Kent County Council has been rated good overall by Ofsted after an inspection of the services it provides for vulnerable youngsters in the county.
That is despite the pressures county faces of having to look after hundreds of child asylum seekers who have arrived in Kent over the past two years.
Twelve Ofsted inspectors spent more than three weeks visiting KCC children’s service centres and meeting staff, parents and children across the county during March.
The conclusions of their report included:
The local authority tackled the increase demand on children’s services effectively
Social workers develop strong and constructive relationships with children
Despite the influx of unaccompanied child asylum seekers (UASC) effective commissioning arrangements and monitoring of external placements, alongside the fostering recruitment strategy, is working to increase the range of local placements
Political leaders have been responsive to budget pressures, supporting increased financial investment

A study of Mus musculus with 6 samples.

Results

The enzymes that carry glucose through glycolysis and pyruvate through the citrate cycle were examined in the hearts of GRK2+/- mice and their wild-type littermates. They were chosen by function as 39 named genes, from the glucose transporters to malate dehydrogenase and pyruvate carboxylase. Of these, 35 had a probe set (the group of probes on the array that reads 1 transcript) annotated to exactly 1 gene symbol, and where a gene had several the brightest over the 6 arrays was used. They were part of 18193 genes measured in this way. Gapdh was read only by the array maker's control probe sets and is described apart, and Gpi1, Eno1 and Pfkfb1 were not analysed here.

Services provided by KCC were graded as good across all areas, with the exception of that of Help and Protection where improvements are required in the promptness of interventions, the variable quality of some assessments and the effectiveness of Adolescent Risk Management Panels (ARMs).
All of these issues together with the response to the report’s recommendations are being addressed within an ongoing practice development plan.
Paul Carter, Leader of Kent County Council, said: “Since our previous Ofsted inspection in 2013, we have worked extremely hard to get to this stage of which we can be proud.
“The welfare of children and young people across this county is the Council’s top priority. We are not complacent and will continue to work hard and improve the lives of children in Kent.”